True wealth is more than a financial statement, it is a sense of well-being. In addition to your money, it includes your inner resources, relationships, and environment. Shifting away from profit-maximization through growth toward well-being through collaboration will bring vitality into our local economies.
We are valuable beyond the measure of money.
“Money-Wise Women” guest Lisa Hough-Stewart works with the Well-Being Economy Alliance and is based in Glasgow, Scotland. She shares candidly about her career path working at Oxfam and RBS (Royal Bank of Scotland).
We met because of her involvement in the Free Money Day in September 2018 in New York City with Donnie Maclurcan, my colleague at the Post Growth Institute. This event surprised participants who were often initially uncomfortable being approached with an offer to take two dollars and pass one on.
They gave money to strangers and asked them to pass half on!
People began to rethink their relationship with the economy. A few even got involved handing out money, and others began conversations with their kids about generosity. Meaningful conversations about money were catalyzed on the street by this coalition of social innovators.
VIDEO A powerful way to encourage change
Lisa speaks to the growing interest in impact investing within the banking industry. We discuss the challenges of redefining return on investment (ROI) to include more than the short-term financial gains that continue to drive economic inequality. When value is placed on the social and environmental impact, we can create greater well-being through finance.
Feelings and relationships contribute to our well-being in ways that cannot be attached to a price tag. As I teach, True Wealth is a more holistic sense of our well-being.
Here are some international examples of measuring well-being and True Wealth:
The “Index of Sustainable Economic Welfare” and the “Genuine Progress Indicator” are similar instruments used in different countries around the world. Both are based on the gross domestic product (GDP), from which they subtract costs that detract from social well-being (crime, pollution, commuting, family breakdown, income inequality) and add the value of positive but unpaid activities (e.g.., parenting, volunteering).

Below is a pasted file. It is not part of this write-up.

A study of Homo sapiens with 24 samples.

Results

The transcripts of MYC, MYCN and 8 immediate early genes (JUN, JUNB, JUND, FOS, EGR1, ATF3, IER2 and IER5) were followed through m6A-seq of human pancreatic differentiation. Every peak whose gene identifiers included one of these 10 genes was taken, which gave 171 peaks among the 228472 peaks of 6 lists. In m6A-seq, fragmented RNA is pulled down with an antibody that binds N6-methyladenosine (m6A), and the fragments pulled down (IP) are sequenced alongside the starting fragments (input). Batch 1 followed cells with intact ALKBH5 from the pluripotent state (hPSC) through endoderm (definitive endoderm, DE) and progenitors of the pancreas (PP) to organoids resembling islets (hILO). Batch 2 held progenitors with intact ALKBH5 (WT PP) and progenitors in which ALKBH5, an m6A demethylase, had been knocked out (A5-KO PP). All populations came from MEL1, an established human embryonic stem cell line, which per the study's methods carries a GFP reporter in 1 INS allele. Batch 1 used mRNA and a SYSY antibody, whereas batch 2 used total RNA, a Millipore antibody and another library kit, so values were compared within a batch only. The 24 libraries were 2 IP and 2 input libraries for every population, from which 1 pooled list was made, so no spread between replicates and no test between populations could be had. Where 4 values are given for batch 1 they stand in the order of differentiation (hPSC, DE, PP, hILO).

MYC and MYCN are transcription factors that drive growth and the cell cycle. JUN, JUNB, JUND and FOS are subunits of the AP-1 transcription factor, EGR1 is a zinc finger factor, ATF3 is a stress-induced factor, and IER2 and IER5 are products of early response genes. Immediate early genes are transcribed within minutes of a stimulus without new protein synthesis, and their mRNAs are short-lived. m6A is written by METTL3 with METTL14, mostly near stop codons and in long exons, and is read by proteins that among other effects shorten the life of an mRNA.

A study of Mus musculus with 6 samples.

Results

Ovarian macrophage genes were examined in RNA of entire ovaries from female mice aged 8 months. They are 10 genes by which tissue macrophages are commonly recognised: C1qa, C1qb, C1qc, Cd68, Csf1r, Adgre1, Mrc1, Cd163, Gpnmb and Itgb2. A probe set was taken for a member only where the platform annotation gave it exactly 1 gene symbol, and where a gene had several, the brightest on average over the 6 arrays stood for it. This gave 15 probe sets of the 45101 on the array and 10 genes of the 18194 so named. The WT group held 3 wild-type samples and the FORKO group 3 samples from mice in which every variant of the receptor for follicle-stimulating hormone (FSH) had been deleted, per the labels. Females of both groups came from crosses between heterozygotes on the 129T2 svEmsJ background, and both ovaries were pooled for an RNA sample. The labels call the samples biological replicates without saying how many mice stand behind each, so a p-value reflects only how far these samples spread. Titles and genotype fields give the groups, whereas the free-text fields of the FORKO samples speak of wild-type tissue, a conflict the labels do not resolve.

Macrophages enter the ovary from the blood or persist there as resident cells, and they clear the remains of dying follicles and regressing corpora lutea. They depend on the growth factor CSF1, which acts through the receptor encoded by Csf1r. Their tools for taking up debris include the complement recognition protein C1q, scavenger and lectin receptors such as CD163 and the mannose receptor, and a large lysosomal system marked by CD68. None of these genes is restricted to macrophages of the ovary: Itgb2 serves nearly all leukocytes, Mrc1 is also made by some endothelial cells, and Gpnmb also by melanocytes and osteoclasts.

The “Sustainable National Income” is an alternative to GDP that calculates “the maximum attainable production level whereby, with the available technology in the year of calculation, vital environmental functions remain available ‘for ever’.”
Hazel Henderson has co-created the “Calvert-Henderson Quality of Life Indicators,” a quarterly compilation of multidisciplinary statistics covering twelve non-monetary aspects of well-being and progress: education, employment, energy, environment, health, human rights, infrastructure, income, national security, public safety, re-creation, and shelter.
The New Economics Foundation publishes a “Happy Planet Index,” assessing both the ecological footprint and the level to which people are able to live long, fulfilling lives. It is described as “a measure of the environmental efficiency of supporting well-being in a given country.”
The Buddhist nation of Bhutan measures “Gross National Happiness,” the four components of which are the promotion of sustainable development, preservation and promotion of cultural values, conservation of the natural environment, and establishment of good governance.
As we make our extensive community wealth more visible through sometimes unusual activities, we become more prosperous.
Lisa Hough-Stewart is Communications and Mobilisation lead for the Well-being Economy Alliance (WEAll). She is based in Glasgow, Scotland, and previously worked at Oxfam and RBS (Royal Bank of Scotland). WEAll has only existed for a few months, but already it has over 40 organisational members and many more eminent individuals, all working to transform the economic system into a well-being economy that serves people and planet. As Communications and Mobilisation lead, one of Lisa’s first tasks on the job was to devise a stunt outside the former Lehman Brothers building in New York on the ten-year anniversary of the 2008 crash.